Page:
Members of the Nye County Republican Central Committee are standing by their Chairman Bill Carns following his arrest last week.

Carns was taken into custody after Nye County Sheriff’s deputies said he was attempting to impersonate a police officer after a traffic stop in the Walmart parking lot.

Carns noted that the committee was unnecessarily dragged into an executive committee meeting as a result.

“News of my arrest was propagated by the Nye County Sheriff’s Office via a press release issued before I was even processed,” he stated. “This issue became news only because I am chairman of the Nye County Republican Party.”

Nye County Republican Central Committee Vice Chairman Leonardo Blundo said on Tuesday, the committee met, debated and resolved to issue the following statement of support:

“The Nye County Republican Central Committee supports Chairman Bill Carns in his efforts to fight what appear to be false and merit-free allegations by the Nye County Sheriff’s Office,” the statement read. “Chairman Carns has worked hard for the republicans of Nye County and all of Nevada for years and has consistently lead (sic) by example. Chairman Carns has proven himself to be honest, forthright and devoted to the same, and is absolutely dedicated to the principles of individual rights and liberties and the free exercise thereof.”

The statement went on to say Nye County has a history of politically motivated incidents and the group will continue to stand behind its chairman.

“We expect his full vindication based upon the facts as we know them and the character of Chairman Carns.”

Carns, 45, was arrested June 1 just before 3 p.m. after Nye County Sheriff’s detectives received information the black Audi had fictitious license plates attached.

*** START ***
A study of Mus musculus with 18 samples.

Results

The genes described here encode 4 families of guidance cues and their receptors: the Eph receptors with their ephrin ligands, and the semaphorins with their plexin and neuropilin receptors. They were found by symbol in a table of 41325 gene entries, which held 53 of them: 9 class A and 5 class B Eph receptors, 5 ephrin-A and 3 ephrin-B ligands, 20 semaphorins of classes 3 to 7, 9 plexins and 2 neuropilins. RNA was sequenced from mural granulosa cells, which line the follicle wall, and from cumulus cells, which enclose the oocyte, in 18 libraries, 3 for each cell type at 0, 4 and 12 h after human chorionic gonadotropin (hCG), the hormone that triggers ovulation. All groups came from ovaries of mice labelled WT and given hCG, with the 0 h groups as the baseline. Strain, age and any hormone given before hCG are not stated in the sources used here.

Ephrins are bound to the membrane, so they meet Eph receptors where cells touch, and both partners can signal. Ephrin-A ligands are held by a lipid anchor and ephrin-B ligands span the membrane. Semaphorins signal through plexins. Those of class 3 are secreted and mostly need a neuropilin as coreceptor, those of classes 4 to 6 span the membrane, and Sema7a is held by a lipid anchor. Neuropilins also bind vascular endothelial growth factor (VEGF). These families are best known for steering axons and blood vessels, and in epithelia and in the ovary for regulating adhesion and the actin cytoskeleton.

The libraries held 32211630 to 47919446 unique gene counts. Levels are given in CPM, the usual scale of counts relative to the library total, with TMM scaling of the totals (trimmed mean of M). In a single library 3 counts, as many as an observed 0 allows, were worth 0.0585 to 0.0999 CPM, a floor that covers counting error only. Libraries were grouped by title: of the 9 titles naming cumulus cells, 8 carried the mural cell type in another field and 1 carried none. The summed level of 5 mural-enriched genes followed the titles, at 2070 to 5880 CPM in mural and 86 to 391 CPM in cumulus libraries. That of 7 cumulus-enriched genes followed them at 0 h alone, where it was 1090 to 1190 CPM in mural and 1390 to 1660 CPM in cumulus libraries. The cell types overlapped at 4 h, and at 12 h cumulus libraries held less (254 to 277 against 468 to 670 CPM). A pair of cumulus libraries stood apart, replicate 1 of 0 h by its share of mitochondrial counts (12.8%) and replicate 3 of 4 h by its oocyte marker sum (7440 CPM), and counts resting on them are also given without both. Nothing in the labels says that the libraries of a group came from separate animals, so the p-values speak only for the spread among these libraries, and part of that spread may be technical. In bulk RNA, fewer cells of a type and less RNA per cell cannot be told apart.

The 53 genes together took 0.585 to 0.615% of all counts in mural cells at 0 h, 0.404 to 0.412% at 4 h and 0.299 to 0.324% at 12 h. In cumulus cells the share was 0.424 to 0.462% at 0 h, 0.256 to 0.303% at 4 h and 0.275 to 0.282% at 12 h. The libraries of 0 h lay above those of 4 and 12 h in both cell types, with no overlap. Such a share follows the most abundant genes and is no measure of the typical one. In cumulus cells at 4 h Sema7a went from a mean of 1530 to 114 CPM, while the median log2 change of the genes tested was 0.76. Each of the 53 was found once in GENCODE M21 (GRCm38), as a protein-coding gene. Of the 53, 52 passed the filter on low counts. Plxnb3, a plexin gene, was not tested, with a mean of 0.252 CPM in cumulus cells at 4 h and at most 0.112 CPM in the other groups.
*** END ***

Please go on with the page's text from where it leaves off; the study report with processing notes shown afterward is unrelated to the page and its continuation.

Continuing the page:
According to the press release, upon contact with detectives, Carns allegedly identified himself as a Las Vegas Metro police officer by providing a Metro personnel number in an effort to avoid a citation for alleged registration violations.

Detectives also said Carns was contacted on two previous occasions by authorities who allege he provided a Metro personnel number to avoid getting a citation, a claim Carns disputes.

Evidence of Carns’ former employment as a Metro police officer was provided by Las Vegas Metro’s Public Information Officer Michael Rodriguez, who said Carns was employed with Metro from February of 1995 to May of 1996.

“He was classified as a police officer and separated from the department in May of 1996, when he resigned,” Rodriguez said.

Carns, who is is scheduled to appear in court in August, said he feels the charges will eventually be dropped.

“I imagine that this charge will never see the light of day,” he said the day after his release. “The way to do it is fighting it in court and that’s exactly what I’ll do. I would be surprised if the DA’s office even got this case but we’ll see.”